If the package says compostable, proceed with caution

There are a growing number of products making compostability claims.  But, sadly, the word “compostable” on the package is not a guarantee.

In an age when anyone can claim almost anything about a product and get away with it, fake certifications – imaginary marks and logos that manufacturers hope consumers will think are certifications – abound.  

While products can obtain third-party certification for compostability, there is no legal requirement that they have this certification before claiming their product is “compostable.”

According to the Federal Trade Commission website, advertising must be “truthful, not misleading, and, when appropriate, backed by scientific evidence.”

But somewhere along the way, the FTC seems to have changed the definition of the words “truth in advertising” without informing the public.

White glue is used instead of milk in cereal commercials, the fast food burger from the local drive-thru is half the size of its TV counterpart, and greenwashing has become a favored tool of unscrupulous manufacturers.

Saying a product is compostable is not the same as having that product certified as such by a legitimate certification agency.  Having someone on the manufacturer’s staff “verify” the product meets a specific ASTM standard is not the same as third-party certification.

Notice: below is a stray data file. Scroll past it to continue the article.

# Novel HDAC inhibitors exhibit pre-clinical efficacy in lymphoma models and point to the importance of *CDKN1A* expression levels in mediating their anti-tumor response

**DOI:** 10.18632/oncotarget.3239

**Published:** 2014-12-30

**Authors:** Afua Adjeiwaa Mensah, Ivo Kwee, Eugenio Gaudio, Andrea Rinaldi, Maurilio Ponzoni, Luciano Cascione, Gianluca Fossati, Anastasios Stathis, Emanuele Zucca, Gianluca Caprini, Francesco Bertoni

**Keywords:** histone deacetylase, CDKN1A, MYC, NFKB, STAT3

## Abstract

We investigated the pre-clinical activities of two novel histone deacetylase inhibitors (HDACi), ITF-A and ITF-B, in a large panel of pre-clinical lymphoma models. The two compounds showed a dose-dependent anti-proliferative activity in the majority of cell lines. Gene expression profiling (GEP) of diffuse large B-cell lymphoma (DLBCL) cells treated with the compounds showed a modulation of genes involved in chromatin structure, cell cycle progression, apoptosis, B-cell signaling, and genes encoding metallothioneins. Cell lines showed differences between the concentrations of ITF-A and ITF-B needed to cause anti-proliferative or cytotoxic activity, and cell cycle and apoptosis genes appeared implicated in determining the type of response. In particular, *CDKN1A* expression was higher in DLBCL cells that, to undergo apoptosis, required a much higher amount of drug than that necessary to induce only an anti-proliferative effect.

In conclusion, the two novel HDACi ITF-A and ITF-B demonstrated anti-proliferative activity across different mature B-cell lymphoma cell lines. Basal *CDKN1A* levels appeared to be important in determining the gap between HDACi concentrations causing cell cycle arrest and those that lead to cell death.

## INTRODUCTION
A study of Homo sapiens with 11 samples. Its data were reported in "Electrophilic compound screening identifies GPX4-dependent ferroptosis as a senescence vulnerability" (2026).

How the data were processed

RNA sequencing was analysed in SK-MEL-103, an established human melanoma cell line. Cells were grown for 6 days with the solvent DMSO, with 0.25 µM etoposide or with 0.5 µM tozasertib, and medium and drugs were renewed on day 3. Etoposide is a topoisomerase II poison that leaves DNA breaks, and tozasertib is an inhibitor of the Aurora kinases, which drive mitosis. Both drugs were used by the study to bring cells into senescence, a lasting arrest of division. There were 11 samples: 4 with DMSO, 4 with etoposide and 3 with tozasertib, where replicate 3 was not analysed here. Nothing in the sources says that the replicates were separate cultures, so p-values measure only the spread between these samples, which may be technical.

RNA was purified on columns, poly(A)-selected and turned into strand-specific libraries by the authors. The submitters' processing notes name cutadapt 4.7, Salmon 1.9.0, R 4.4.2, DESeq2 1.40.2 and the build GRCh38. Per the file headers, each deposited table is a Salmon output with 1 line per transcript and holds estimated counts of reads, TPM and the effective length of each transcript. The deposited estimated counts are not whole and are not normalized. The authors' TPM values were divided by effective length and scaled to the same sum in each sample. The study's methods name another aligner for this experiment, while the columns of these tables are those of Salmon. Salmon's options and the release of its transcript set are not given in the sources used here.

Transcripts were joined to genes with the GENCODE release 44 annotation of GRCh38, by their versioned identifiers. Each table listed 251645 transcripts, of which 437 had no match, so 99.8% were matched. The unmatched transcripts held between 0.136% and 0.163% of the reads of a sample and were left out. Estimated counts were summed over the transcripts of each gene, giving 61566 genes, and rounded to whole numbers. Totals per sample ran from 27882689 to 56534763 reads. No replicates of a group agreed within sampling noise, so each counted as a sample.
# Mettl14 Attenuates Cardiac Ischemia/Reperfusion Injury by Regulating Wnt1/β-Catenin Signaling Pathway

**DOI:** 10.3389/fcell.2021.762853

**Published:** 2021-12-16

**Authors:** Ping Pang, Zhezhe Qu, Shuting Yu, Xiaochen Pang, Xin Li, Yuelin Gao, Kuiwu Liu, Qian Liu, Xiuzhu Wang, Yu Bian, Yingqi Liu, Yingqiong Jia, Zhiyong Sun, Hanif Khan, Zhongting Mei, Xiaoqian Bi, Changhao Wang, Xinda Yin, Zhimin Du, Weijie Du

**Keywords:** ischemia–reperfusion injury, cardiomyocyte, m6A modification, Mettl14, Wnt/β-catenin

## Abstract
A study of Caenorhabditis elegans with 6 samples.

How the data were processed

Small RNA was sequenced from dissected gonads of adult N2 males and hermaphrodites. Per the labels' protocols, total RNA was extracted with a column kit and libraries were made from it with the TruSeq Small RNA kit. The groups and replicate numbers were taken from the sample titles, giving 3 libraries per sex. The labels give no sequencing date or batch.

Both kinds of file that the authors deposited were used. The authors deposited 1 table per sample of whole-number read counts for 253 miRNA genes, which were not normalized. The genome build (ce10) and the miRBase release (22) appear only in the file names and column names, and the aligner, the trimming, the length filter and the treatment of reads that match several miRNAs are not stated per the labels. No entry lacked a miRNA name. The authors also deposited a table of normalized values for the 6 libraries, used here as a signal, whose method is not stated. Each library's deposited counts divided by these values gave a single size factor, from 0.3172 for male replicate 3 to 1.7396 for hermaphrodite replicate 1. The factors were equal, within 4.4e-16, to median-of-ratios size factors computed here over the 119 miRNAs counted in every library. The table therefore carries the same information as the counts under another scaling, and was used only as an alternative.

In this day and age of lax FTC oversight over advertising language, consumers need to be extra cautious about compost–related claims.

Caveat emptor … is that seal legit?

Beware of manufacturers who make up their own “compostable” logos to fool the public into thinking their product has been vetted by a real certification entity.

When in doubt, pull out your phone and look them up before adding the package to your shopping cart.

Seals on the package should indicate testing and certification from legitimate third-party agencies like the Biodegradable Products Institute  and OK Compost.

A manufacturer certifying with a bona fide agency will be proud of that association and name the certifier on the product, in its shopping site product descriptions, and/or on its own website.

If that info is missing, give the item and manufacturer a pass.

Can your community compost compostables?

If you are not 100% sure your community is served by a high-rate composting operation that accepts compostable plastic, don’t buy “compostable” at all.

Even cardboard or paper products can be lined or coated with a bio-resin that requires an advanced composting process for biodegradation.

You won’t be able to compost the item or packaging at home, and it can’t be recycled any other way.  In fact, if a bioplastic gets tossed into the wrong bin, a compostable plastic is a contaminant for recyclers of traditional plastic.

Check out your city or county website or contact the local recycling coordinator to find out exactly what materials can or cannot be composted in your community.